Kursaal Auditorium and Congress Center
San Sebastián, Spain
Architect: Rafael Moneo Location: San Sebastian, Basque Country, Spain
The beauty of San Sebastián is largely due to its environment, to its landscape. Few cities are endowed with more favorable natural conditions. The site of the Kursaal Auditorium and Congress Center at the mouth of the Urumea River is a geographical accident and must remain as such. Hence, Moneo proposed to erect a building that would not violate the presence of the river in the city. The auditorium and the congress hall, the key programmatic elements of the scheme, are conceived as separate autonomous volumes, as two gigantic rocks stranded at the mouth of the river forming part of the landscape rather than belonging to the city. All other facilitiesthe exhibition halls, meeting rooms, offices, a restaurant, and musicians' servicesare located in the platform, the base that gives due importance to the cubic volumes.
The first "stranded rock" that contains the auditorium measures approximately 60 by 48 by 27 meters and celebrates its character of quasi-geographical accident with a slight inclination towards the sea. The volume of the 1,880-seat auditorium is inscribed asymmetrically inside the glass prism, seeming to float within it. The asymmetry is oriented in such a way that a visitor entering the foyer is unconsciously led towards the highest level where Mount Urgull and the sea in all its splendor can be contemplated from a singular window. This window punctures the building's double wall, composed of a steel skeleton clad inside and out with special, laminated glass elements. The result is a neutral and luminous interior space whose only contact with the outside world is through the foyer window. Outside, the glass surfaces protect against salt-laden winds from the sea, making the volume a dense, opaque, yet changing mass by day, and a mysterious and dazzling source of light by night.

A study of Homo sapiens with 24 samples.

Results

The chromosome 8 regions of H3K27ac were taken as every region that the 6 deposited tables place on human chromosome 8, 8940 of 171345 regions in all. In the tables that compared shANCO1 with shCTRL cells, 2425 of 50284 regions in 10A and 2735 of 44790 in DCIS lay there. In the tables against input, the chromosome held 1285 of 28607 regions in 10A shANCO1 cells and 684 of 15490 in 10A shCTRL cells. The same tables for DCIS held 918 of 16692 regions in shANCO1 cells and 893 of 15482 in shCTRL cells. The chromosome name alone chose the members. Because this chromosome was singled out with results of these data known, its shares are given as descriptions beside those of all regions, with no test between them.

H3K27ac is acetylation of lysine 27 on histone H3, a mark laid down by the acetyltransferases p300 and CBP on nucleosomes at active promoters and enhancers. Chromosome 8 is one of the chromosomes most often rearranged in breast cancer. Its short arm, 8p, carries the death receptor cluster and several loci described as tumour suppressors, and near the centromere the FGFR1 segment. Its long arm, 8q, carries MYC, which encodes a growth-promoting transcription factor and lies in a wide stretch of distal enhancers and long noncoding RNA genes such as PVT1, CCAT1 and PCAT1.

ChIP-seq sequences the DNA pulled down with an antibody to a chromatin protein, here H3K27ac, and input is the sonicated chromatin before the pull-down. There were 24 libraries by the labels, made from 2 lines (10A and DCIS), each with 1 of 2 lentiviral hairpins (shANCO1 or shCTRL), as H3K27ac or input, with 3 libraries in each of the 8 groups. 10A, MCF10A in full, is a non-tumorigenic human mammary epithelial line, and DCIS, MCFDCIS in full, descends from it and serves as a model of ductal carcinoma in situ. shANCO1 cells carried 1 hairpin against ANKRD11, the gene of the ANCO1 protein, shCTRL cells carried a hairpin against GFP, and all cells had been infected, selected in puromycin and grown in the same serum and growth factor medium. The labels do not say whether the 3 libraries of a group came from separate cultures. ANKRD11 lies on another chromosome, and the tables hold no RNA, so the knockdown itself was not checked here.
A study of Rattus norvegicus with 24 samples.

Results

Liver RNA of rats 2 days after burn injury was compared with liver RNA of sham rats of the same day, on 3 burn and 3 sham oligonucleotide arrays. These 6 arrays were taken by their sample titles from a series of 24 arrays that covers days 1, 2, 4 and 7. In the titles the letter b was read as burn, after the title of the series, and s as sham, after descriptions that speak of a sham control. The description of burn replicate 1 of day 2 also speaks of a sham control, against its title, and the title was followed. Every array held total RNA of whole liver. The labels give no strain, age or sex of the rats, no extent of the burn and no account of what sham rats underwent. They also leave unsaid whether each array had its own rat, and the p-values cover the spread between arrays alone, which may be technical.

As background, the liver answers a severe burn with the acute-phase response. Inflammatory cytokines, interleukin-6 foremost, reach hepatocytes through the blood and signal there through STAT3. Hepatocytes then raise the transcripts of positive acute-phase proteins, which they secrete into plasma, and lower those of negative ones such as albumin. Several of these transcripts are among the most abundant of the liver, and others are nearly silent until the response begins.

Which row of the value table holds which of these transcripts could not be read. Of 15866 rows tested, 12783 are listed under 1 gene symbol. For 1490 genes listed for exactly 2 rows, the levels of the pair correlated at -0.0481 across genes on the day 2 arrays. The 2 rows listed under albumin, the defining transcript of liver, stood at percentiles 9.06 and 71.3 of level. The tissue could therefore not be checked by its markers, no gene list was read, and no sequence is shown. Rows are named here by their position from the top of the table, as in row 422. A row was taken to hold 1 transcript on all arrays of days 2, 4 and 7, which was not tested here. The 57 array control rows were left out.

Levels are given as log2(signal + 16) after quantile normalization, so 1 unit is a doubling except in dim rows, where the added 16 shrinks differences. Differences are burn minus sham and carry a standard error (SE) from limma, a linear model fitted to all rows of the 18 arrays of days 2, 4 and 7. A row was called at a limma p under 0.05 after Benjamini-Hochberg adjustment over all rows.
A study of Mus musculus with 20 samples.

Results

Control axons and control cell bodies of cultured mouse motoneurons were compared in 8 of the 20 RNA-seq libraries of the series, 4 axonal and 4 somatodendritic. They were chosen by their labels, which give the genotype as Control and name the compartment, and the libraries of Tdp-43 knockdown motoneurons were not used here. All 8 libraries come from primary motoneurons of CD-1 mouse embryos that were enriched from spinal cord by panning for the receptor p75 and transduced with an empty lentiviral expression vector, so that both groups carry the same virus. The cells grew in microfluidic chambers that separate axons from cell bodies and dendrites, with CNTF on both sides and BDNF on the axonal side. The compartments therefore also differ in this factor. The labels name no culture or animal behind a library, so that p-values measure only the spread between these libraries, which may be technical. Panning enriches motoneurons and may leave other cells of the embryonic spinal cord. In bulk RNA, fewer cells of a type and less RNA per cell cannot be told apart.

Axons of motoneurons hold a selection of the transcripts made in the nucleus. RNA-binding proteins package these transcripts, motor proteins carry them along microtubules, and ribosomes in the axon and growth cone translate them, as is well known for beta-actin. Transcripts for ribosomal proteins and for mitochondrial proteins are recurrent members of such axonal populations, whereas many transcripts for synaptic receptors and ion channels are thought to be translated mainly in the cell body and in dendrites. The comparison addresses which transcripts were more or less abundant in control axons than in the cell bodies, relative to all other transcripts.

Similar design and structural criteria have been used in planning the smaller congress hall, the second "stranded rock," which is also inscribed in an inclined prism measuring 42 by 36 by 24 meters. The asymmetry here is less evident, but the view from the foyer of Mount Ulía and the sea in the background is just as spectacular.
The complementary program for the celebration of congresses as well as the exhibition hall, offices and parking for 500 vehicles is placed in the levels below grade, respecting the perimeter and making use of interstitial spaces.